THE storms battering Britain have claimed a second life, as eastern Scotland was braced for more rain and further flooding today.
A 21-year-old woman died after a tree fell onto her tent in Exeter in Devon, injuring two others.
Prime Minister David Cameron expressed shock at the flooding which has devastated parts of south west England and Wales, and promised to “ensure everything is being done to help”.
The second weather-related death in two days came as new severe weather and flood alerts were issued for parts of Scotland.
The Met Office announced a yellow – “be aware” – warning for persistent rain and flooding in East Lothian and the eastern Borders today.
Forecasters warned the rain could become “occasionally heavy”, especially in the morning, but it is expected to ease later in the day.
Two alerts, warning people to be prepared for possible flooding, were issued by the Scottish Environment Protection Agency for Edinburgh and the Lothians, and the Borders.
It said: “The persistent rain forecast throughout Monday has the potential to result in localised disruption and flooding to low-lying land and roads, via surface-water run-off and small watercourse sources. Areas within eastern extents are particularly at risk.”
Flooding in Scotland yesterday included on the A823(M) motorway spur to the M90 north near Dunfermline.
Police said the woman who died in Exeter had been living in a small tent sheltered against a wall at the roadside.
The incident on Saturday night came two days after a man was killed when his car became wedged under a bridge near a ford at Chew Stoke in Somerset.The Environment Agency said more than 800 homes had been flooded south of the Border, with thousands of motorists being rescued.
Last night, more than 500 alerts had been issued, including nearly 230 flood warnings.
They included one severe flood warning – the highest alert level – for the River Cober, at Helston, in Cornwall.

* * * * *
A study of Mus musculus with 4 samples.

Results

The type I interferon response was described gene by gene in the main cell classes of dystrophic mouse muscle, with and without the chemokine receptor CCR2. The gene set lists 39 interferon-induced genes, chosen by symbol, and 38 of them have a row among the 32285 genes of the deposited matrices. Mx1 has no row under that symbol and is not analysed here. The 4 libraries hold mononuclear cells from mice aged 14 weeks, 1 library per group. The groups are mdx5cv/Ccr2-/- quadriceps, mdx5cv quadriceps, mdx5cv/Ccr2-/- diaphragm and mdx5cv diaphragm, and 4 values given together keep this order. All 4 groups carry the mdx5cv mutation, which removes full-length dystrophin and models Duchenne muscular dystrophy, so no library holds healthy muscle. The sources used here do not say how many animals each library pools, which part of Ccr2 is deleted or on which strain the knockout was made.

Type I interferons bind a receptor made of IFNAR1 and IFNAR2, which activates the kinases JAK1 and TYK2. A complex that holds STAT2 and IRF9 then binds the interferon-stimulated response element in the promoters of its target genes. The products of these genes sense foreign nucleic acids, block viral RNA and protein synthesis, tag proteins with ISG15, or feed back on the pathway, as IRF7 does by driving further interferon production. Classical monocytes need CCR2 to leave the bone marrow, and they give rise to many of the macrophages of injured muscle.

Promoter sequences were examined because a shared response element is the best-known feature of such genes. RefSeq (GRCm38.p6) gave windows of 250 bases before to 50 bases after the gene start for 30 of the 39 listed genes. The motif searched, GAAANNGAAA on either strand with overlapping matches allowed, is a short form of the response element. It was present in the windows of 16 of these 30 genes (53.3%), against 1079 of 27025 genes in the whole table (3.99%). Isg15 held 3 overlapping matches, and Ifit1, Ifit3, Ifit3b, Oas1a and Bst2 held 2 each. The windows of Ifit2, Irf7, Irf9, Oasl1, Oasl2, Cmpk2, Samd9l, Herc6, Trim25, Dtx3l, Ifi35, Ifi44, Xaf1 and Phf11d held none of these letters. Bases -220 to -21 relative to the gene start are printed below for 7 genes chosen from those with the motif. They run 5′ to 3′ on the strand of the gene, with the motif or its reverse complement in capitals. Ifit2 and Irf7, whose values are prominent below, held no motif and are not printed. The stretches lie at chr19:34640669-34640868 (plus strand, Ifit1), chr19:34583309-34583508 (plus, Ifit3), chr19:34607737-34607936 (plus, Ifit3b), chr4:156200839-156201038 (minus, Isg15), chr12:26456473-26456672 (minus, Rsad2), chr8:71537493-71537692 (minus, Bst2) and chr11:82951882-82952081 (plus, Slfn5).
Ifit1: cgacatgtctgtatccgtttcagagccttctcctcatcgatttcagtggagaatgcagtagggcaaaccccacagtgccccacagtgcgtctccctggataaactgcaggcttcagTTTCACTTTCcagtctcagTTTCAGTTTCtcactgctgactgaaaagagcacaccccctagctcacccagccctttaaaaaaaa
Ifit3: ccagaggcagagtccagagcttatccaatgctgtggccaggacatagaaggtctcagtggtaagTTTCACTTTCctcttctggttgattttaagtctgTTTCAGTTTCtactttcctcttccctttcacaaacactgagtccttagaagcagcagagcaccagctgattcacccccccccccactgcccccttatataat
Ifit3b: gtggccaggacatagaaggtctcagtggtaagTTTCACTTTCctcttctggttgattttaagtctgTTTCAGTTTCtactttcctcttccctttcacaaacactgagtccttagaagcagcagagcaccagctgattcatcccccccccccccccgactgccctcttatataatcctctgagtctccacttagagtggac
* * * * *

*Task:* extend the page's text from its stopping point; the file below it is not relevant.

Rainfall is estimated to be around 15mm across the spine of Britain today, less than the 30mm of rain in pockets of the West Country.
Yorkshire, Warwickshire and Wiltshire were badly affected yesterday. Environment Minister Richard Benyon met people in Malmesbury, where 3ft of water was reported in parts of the Wiltshire town.
Residents of several villages in Cornwall were forced to flee as flood water and torrential rain caused “serious threats to life”. The village of Millbrook was under 5ft of water.
Mr Cameron said: “Shocking scenes of flooding in Cornwall and around the country. The government will help ensure everything is being done to help.”
An ambulance official yesterday criticised people for failing to use common sense, which was endangering the lives of rescue workers. Nathan Hudson, general manager of West Midlands Ambulance Service, said: “We were called out to several incidents where cars have tried to pass through flooded roads, fords, and small rivers and got stuck.
“The net effect is the occupants have become trapped in their vehicles and the emergency services have had to risk difficult and often dangerous conditions in the middle of the night to come and rescue them.
“It is quite simple: driving through floodwater is inherently dangerous.”
Mr Hudson said staff had been called to rescue a “remarkable” number of people stranded in 4x4s. He said: “Just because your vehicle has four-wheel drive, does not make it amphibious. They too can become stuck in deep flood water.”
A 70-year-old man died when his car crashed into a river in Cambridgeshire on Saturday night.